Friday night confirmed where the Republic of Ireland’s and Anthony Stokes’ level is
The Celtic striker was once a source of hope but struggled to fulfil his potential like a lot of the international players
“Stokes could be a top, top player in four or five years or he could be playing non-League,” said Keane. “He’ll go one way or the other, I’m sure. The obvious pitfall for him is The Glass Spider [local nightclub]. He’s got to be careful . . . As his manager, I’ve got a role to play but you can’t follow the modern player 24 hours a day.”
The ins and outs of his career since don’t make for great reading. By his 21st birthday, he’d played for different five clubs, each one a rung further down the football ladder. Heading back to Scotland to play for Hibs in 2009 unquestionably saved his career and his status as Ireland’s sole representative in the Champions League with Celtic this season is something at least.
But by now we know where Anthony Stokes’s level is. If we had any doubt, Friday night confirmed it. Whatever about the mistake for the first goal – worse errors have been far less heavily punished in this campaign – it was the way he missed his chances that told of a career that just hasn’t made enough out of the raw materials.
The thrash at Ciarán Clarke’s header as it dropped down from the crossbar was a moment of human panic. Ditto the lamp into the stands after he’d taken Glenn Whelan’s incredible pass out of defence wide of Manuel Neuer.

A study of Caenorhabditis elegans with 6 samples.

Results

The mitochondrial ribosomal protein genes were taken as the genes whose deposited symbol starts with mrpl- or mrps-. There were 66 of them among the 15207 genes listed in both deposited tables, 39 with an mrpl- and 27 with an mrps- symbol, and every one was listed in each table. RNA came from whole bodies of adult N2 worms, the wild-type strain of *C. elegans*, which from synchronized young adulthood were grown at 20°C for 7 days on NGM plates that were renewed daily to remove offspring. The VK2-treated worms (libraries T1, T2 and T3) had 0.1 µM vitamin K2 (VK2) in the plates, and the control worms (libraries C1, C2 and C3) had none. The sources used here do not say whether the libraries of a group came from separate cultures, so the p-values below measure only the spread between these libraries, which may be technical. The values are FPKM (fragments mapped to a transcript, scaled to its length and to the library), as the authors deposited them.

But the worst was the touch he took in front of goal when Séamie Coleman rifled a crisp ball across. He controlled the ball into exactly the wrong spot, narrowing Neuer’s angle for him without the keeper having to move. Seven years as a pro ought to have ironed out a kink like that by now.
We spend so much time in these post-mortems wailing about the lack of a proper infrastructure in the game here. And with good reason, obviously. But think back to the Anthony Stokes who was delivered to the professional game as an 18-year-old, the one who held his own in the same Arsenal youth team as Alex Song, Kieran Gibbs, Fabrice Muamba and Nicklas Bendtner. For all the institutional shortcomings, that kid made it to the start line in pretty good shape.
At a certain point, it must come down to professional footballers and their will or otherwise to make the best of themselves. If we keep laying the blame on stubborn managers and incompetent systems, it lets too many players off the hook.